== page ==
Is Your Cybersecurity Plan Robust Enough to Protect Your Business?
This article was updated on Sept. 10, 2018.
As time goes on, more small and mid-sized businesses are being targeted by cybercriminals. According to Ponemon Institute, 61 percent of small businesses dealt with a cyber attack in 2017 — up from 55 percent the year before. As a business grows and its operations become increasingly complex, it becomes more important that they have a robust cybersecurity plan in place.
Smaller companies tend to have smaller security budgets and fewer resources than their larger counterparts, which makes them a favorable target for opportunistic attacks such as phishing and ransomware. Additionally, hackers look to smaller businesses to provide a conduit into the larger organizations with which they partner and interact.
Thankfully, you can help protect your business and its confidential information by building a strong cybersecurity plan. A robust program will meet the three qualifications below:
1. All the Necessary Controls Are in Place
You must ensure that each of your corporate devices has at least a minimum set of security controls, including antivirus and antispam filters and firewalls. Set the expectation with employees that they should install any and all updates and patches as they are released.
2. All the Necessary Policies and Procedures Have Been Established
In order to have an effective cybersecurity plan, you must compile an outline of policies and procedures that detail the specific responsibilities of each of your employees. For example, you should establish a policy stating that all default passwords, such as those used to protect routers and other equipment, must be changed during the setup process. In addition, you should require that all sensitive information be encrypted, both when at rest (in storage) and during transmission.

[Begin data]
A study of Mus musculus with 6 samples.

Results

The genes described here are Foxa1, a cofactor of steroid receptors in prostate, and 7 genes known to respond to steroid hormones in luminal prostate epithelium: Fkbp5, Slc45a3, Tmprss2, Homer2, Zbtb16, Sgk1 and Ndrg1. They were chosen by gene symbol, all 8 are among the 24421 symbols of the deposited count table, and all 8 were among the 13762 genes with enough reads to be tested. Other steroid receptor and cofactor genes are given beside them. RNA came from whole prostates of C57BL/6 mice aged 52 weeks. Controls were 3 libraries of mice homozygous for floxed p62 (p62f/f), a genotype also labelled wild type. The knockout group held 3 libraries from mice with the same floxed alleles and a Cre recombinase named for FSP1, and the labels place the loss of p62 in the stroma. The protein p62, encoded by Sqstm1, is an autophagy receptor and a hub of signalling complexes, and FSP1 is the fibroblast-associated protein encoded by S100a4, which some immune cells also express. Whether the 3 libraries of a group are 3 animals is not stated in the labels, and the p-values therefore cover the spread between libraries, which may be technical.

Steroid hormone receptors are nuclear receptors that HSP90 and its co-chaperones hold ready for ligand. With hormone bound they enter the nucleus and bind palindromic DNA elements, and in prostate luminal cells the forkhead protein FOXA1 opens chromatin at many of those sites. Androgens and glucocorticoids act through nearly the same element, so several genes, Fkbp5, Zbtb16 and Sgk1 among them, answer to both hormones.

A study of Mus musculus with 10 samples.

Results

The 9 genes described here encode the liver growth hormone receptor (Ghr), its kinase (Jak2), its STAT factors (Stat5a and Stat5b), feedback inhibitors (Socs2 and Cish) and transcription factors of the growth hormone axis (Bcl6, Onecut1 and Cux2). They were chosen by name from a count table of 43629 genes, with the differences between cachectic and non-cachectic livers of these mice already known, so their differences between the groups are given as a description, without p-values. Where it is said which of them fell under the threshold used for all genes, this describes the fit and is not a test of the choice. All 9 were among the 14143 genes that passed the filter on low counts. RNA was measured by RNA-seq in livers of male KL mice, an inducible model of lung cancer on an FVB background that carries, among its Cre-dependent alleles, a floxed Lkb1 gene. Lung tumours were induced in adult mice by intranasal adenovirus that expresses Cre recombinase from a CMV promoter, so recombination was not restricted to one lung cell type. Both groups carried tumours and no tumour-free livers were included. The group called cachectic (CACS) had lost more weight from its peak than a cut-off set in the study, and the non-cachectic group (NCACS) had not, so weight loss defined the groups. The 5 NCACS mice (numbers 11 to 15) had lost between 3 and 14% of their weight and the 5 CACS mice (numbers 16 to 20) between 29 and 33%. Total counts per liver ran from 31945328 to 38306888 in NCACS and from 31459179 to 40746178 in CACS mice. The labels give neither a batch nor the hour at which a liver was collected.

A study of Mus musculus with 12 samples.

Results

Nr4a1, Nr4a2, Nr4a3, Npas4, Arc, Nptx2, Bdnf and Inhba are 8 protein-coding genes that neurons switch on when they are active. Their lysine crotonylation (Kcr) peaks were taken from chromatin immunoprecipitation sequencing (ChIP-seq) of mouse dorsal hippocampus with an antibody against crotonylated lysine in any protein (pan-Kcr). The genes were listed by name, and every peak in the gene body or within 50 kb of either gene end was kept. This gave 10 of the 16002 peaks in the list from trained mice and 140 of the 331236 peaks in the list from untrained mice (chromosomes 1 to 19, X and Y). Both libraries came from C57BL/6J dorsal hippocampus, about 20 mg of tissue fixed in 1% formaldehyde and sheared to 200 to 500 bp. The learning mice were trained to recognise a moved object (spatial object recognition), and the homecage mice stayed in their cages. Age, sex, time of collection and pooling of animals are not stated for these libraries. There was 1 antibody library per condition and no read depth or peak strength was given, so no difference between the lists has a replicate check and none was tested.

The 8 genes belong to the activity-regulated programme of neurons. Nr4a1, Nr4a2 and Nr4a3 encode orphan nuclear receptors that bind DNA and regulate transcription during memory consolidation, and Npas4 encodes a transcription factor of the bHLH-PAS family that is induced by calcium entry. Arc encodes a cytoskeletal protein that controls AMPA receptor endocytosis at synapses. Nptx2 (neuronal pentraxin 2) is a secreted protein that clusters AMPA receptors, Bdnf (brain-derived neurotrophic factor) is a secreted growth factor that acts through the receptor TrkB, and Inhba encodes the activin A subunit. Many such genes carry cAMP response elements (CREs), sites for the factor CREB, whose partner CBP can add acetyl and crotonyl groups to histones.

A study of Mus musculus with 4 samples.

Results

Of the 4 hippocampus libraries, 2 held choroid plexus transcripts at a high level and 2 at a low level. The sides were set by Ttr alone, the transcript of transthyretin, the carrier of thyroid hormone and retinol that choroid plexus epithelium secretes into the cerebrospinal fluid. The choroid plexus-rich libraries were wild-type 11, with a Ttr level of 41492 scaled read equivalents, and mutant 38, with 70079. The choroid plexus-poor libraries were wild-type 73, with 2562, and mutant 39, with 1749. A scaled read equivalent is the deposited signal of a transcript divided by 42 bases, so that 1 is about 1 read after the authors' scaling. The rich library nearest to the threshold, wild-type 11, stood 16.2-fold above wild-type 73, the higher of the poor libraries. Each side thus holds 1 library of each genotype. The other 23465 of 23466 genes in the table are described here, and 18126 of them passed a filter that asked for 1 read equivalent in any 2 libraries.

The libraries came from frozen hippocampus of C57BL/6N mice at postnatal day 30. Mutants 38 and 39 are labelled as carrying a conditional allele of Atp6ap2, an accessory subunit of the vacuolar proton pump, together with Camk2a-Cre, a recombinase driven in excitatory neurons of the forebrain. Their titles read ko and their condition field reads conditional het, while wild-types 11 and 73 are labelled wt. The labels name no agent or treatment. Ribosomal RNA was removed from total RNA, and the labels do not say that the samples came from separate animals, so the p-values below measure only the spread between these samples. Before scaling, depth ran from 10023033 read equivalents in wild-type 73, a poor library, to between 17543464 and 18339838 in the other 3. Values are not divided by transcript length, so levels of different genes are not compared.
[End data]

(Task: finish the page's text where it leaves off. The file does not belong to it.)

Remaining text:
You should pay special attention to mobile devices, the data they contain and the apps that are installed on them. Blacklisting and whitelisting technologies can limit application exposure, which can be controlled through mobile device management technology or services. It's best to deploy granular access controls, with stronger authentication required to access sensitive information. You should back up all of your data on a regular basis, storing copies offsite or in the cloud.
3. All Employees Receive the Necessary Security Education
A thorough cybersecurity plan dictates and standardizes the security practices of all individuals within the organization. To help ensure that employees are aware of their responsibilities, you should provide security training on a regular basis. These trainings should focus on specific threats and how to avoid them. For example, a phishing awareness session can help prevent staff members from clicking on malicious links or opening up malicious attachments. You must also educate your employees regarding the dangers of using insecure connections, such as Wi-Fi hotspots, and of exposing too much information via social media.
Useful Sources of Information
For more information, you can refer to the National Cyber Security Alliance, the Small Business Administration or the Department of Homeland Security.
Cybersecurity is too important to be left to chance. Every organization, no matter its size or industry, should consider itself a potential target and plan accordingly to help safeguard its operations.